Frog Olympics

Watch the story and then have a go at some Olympic activities!

Watch Olympian Jessica Ennis-Hill read The Frog Olympics, written by Brian Moses and illustrated by Amy Husband.

Who can jump the highest? Who can swim the fastest? Who has the longest tongue? Join frogs as they come together from around the world to celebrate the Frog Olympics!


  • Tell your children about the real Olympics and explain why Jessica Ennis-Hill is wearing medals.
  • Talk about the activities the frogs are doing.
  • Try to hear the rhyming words in the story, such as; around and ground, games and flames.

Play games based on the Olympics:

  • Have a go at some Olympic activities for early years children in the garden or at the park, see how far children can jump, run or throw.
  • Create your own Olympic event, maybe you could make an obstacle course or a wellie throwing competition!
  • Invite your child to design their own Olympic flag using coloured pencils or paints.
  • Make your own medals, and award one to people close to you for their special skill, it could be making cakes, doing up their own zip or jumping the highest.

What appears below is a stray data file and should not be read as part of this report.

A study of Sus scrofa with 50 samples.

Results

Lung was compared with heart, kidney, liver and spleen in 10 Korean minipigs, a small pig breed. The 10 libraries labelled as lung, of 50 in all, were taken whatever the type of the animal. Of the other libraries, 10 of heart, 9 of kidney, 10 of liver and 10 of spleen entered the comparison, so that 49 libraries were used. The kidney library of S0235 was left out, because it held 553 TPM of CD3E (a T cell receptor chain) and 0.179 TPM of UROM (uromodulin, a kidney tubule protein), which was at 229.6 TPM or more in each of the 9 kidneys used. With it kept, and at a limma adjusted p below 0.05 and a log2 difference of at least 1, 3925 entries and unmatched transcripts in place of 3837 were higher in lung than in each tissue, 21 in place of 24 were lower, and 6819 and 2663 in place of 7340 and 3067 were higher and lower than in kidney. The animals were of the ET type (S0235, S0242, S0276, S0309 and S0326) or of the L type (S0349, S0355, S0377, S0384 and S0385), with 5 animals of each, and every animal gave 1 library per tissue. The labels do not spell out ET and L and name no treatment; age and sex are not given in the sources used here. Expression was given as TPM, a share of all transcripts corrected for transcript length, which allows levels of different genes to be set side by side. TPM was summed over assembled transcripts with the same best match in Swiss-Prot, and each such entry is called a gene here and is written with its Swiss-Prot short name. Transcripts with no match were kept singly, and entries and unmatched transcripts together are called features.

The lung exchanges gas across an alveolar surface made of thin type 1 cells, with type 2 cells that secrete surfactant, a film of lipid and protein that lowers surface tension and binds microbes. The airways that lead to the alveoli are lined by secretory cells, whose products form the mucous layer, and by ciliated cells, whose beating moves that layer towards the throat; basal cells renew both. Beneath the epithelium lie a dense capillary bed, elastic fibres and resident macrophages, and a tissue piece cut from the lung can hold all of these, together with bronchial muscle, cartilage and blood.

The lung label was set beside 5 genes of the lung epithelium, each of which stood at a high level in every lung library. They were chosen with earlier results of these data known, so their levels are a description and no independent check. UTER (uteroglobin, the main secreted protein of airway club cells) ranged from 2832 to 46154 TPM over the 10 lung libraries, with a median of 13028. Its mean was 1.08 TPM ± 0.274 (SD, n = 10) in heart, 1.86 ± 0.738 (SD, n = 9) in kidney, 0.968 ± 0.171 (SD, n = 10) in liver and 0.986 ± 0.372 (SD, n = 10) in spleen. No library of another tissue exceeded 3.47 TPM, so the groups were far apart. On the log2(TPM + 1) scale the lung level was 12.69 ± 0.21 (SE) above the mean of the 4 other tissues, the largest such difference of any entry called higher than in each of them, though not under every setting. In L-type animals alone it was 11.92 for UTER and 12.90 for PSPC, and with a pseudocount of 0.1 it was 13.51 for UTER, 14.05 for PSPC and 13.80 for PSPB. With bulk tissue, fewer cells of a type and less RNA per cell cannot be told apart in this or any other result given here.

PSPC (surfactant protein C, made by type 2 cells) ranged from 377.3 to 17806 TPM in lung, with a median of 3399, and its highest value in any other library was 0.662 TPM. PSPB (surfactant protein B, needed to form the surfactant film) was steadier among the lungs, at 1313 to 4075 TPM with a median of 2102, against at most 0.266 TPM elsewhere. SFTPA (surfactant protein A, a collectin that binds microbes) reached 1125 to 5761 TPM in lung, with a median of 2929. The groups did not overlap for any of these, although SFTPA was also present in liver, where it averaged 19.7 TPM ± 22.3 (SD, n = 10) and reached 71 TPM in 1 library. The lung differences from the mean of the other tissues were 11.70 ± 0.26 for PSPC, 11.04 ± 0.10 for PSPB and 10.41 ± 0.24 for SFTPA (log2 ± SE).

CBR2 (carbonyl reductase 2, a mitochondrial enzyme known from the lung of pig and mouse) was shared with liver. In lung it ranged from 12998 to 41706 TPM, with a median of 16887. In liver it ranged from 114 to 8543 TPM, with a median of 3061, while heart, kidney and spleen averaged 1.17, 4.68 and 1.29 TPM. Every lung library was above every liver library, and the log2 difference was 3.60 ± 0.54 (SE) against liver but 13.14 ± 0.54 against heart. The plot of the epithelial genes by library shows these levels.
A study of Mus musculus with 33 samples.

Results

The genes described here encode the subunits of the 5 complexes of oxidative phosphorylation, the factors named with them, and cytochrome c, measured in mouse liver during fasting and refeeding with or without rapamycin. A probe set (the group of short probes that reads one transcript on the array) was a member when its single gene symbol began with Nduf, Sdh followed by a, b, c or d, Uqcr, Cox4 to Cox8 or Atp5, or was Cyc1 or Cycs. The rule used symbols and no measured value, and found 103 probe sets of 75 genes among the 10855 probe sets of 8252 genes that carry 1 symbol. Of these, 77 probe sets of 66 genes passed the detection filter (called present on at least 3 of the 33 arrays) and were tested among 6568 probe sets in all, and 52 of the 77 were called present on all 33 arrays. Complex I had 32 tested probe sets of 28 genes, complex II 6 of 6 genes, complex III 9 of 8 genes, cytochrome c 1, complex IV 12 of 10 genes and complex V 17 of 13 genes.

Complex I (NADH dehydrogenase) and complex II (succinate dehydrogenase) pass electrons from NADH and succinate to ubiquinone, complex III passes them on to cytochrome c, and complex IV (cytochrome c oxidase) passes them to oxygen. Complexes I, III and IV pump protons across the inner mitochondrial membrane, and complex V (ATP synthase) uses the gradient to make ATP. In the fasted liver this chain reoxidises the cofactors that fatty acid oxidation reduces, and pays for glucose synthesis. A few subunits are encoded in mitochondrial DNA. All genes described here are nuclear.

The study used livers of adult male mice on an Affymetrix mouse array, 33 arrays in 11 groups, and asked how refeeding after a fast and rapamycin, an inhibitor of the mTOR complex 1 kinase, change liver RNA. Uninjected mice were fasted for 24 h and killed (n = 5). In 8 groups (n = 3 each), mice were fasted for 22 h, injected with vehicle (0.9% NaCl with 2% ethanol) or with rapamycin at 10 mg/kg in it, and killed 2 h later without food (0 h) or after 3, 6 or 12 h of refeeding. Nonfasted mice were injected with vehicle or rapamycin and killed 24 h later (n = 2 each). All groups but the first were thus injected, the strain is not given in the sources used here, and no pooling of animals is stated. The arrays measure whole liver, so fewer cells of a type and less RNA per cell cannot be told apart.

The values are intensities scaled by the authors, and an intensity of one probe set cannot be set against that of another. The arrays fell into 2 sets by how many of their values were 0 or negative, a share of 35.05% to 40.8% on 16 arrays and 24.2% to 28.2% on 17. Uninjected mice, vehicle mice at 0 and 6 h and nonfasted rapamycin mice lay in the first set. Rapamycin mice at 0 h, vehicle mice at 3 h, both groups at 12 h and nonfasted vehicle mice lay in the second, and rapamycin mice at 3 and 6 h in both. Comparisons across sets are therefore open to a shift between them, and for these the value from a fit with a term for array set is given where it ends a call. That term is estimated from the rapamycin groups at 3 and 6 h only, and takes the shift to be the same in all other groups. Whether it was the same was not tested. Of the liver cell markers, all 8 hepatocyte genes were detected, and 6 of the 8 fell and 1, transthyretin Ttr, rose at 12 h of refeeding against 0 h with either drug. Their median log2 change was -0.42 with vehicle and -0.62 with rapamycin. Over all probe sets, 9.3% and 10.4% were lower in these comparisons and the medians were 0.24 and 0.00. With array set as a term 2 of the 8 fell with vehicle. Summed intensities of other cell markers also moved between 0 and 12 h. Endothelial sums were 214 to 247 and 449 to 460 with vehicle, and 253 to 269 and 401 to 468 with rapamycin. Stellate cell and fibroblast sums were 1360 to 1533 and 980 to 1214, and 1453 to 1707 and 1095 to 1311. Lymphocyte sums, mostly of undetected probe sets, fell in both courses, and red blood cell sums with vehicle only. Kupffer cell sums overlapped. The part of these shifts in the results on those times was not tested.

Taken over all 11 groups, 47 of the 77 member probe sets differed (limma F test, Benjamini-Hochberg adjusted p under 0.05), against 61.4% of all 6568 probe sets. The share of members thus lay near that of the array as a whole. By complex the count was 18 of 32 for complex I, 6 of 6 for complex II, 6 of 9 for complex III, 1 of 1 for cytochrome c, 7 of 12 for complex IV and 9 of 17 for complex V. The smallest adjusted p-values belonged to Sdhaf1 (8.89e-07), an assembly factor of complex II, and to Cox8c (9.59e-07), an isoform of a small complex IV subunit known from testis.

• Change the story. Imagine a different version of The Frog Olympics together and start to tell the story. If a different animal were competing, for example in the Snail Olympics or Dog Olympics, what kind of games would they compete in?

Play games based on frogs:

  • Try some of the games from The Frog Olympics. Maybe you could have a jumping competition. How far? How high? Or how many jumps can you do?
  • Be inspired by the frogs and play some water games outside.
  • Sing Five Little Speckled Frogs.

For older children:

Support your child to create their own mini-Olympics, for the family, or for their toys. Make flags, medals and tickets, and arrange seats for spectators to watch the athletes compete.

Did you know?

Physical games and activities support your child's development; building muscles, strength, balance and coordination. This will help them with tricky tasks as they get older. For example, using a knife and fork, or holding a pen and writing their name.